Rancher Roger Zimmershied poses with some of his cattle on his ranch just south of Sweet Springs, Mo. Zimmershied recently switched from Kentucky 31 tall fescue to MaxQ tall fescue in two of his pastures.
The organic farming industry is booming. Since the U.S. Department of Agriculture launched its federal organic certification program in 2002, the number of organic farms has more than doubled. U.S. organic food sales have also grown from $1 billion in 1990 to $31.5 billion in 2011, according to the Organic Trade Association.
It’s going to seem like this week’s show is all about keeping cows cool, and it kind of is, but keep in mind this is a serious threat to agriculture in Missouri, and thus, the overall economy in the state.
When a cow is stressed from the heat, it affects a producer’s bottom line. The animal eats less, meaning less mass in beef cattle. For dairy farmers, the hurt comes in the form of a 10 to 20 percent loss in milk. Researchers at the University of Missouri think we can change this trend by putting information in the hands of producers. They’ve built a tool that can detect the threat of heat stress in specific animals before it starts.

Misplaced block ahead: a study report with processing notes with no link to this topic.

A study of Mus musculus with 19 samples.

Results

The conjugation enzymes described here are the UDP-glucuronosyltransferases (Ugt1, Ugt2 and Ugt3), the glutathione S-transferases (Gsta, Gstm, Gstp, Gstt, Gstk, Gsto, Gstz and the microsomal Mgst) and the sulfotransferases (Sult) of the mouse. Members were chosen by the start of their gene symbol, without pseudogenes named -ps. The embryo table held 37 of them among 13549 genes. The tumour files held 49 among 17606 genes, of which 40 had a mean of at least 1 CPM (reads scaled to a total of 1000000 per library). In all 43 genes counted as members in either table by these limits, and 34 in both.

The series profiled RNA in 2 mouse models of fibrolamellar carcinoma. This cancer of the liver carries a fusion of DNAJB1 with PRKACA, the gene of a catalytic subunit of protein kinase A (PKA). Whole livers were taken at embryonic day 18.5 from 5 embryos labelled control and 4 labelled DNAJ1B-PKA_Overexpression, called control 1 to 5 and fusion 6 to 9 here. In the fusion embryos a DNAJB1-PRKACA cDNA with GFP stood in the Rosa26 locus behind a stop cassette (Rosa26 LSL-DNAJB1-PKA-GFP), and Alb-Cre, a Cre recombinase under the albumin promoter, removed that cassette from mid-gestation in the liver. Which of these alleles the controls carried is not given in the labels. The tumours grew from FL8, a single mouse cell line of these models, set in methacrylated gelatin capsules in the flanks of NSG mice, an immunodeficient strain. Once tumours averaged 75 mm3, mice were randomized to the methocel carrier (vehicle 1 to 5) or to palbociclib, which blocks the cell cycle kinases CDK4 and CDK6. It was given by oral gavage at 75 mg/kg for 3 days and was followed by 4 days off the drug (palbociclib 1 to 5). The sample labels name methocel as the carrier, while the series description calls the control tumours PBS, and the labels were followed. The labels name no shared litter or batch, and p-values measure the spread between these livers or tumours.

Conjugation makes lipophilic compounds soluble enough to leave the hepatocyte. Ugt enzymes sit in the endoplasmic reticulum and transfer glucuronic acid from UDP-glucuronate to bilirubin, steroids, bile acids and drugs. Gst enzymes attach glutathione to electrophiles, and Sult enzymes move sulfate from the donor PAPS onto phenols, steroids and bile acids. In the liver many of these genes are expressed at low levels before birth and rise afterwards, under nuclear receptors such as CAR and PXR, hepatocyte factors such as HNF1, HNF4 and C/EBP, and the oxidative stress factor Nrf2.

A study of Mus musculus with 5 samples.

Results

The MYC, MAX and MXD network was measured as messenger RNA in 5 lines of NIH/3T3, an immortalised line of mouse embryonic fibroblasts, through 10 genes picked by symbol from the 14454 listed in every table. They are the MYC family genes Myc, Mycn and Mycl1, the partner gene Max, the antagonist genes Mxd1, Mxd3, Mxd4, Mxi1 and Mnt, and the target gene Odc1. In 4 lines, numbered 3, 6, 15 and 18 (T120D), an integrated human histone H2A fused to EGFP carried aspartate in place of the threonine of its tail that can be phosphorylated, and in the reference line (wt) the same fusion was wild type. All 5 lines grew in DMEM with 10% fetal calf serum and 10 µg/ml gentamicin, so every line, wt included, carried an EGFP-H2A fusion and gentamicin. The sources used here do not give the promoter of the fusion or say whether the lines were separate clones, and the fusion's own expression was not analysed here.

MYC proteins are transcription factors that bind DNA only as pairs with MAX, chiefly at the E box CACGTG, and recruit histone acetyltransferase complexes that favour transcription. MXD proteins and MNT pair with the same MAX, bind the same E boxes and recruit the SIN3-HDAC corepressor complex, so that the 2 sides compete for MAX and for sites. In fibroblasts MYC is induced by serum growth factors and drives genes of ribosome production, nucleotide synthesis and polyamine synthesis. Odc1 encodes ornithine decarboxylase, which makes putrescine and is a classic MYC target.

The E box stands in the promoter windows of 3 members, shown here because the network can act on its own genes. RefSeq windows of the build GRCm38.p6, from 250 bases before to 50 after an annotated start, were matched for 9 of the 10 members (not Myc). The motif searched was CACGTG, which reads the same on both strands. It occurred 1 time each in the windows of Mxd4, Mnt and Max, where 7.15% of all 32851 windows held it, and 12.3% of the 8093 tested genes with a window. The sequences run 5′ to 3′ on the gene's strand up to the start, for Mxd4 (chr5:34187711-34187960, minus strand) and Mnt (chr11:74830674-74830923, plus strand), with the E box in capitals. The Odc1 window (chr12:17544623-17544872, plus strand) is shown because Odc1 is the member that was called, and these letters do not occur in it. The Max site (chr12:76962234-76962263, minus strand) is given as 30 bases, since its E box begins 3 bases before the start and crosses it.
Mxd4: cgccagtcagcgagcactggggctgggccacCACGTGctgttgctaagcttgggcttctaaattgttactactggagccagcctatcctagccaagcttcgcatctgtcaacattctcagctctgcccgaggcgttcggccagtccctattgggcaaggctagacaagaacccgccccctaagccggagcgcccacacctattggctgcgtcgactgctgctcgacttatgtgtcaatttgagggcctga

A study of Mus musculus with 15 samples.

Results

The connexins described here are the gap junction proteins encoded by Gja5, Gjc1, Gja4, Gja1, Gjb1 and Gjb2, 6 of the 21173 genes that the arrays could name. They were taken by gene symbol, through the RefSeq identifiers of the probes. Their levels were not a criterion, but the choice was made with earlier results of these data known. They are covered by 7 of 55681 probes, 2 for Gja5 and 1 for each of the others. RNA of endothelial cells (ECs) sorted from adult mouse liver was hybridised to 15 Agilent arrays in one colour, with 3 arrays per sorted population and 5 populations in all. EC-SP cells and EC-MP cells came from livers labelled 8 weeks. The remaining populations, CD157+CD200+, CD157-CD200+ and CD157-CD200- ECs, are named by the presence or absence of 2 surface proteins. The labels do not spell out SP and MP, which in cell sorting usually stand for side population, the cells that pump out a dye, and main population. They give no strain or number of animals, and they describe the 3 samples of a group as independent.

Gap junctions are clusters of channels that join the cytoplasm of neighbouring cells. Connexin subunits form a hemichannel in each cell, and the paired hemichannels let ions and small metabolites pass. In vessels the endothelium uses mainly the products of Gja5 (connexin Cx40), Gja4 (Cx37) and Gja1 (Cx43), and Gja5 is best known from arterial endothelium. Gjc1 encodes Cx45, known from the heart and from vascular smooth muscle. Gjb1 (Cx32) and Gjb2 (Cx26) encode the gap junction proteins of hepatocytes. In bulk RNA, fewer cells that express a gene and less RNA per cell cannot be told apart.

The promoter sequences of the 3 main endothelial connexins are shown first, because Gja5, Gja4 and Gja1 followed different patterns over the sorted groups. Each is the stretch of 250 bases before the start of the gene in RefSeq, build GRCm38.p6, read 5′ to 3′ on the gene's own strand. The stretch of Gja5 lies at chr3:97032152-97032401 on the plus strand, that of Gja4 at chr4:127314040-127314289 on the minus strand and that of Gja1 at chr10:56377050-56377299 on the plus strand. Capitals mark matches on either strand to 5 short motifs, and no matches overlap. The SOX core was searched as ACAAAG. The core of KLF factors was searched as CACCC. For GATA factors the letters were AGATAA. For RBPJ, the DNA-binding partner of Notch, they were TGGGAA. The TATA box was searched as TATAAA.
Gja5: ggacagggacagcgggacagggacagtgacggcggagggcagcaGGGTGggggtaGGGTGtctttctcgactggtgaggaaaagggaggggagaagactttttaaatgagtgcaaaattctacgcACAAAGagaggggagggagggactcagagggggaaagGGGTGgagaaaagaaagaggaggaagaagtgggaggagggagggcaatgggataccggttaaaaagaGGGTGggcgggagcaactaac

The Columbia Tribune reported this morning that a large and confused steer was loose in Columbia's East Campus. The 1300 pound Angus steer was apparently a privately owned animal that escaped while being transported for slaughter at MU's facilities. One person was injured, and two police vehicles were damaged.
Video of the steer on it's morning run here: http://www.youtube.com/watch?v=jUkS7r4Oe8I&feature=player_embedded
A bull that was on the loose in the East Campus neighborhood Tuesday morning was euthanized after a person was injured trying to capture it. Capt. Brian Weimer of the University of Missouri Police Department said he is unsure how the animal became free and the department is investigating.
Cattlemen in Missouri are backing a bill in the House that would increase weight limits for hauling livestock on the state's highways. But department of transportation engineers worry heavier trucks would damage already-strained rural roads.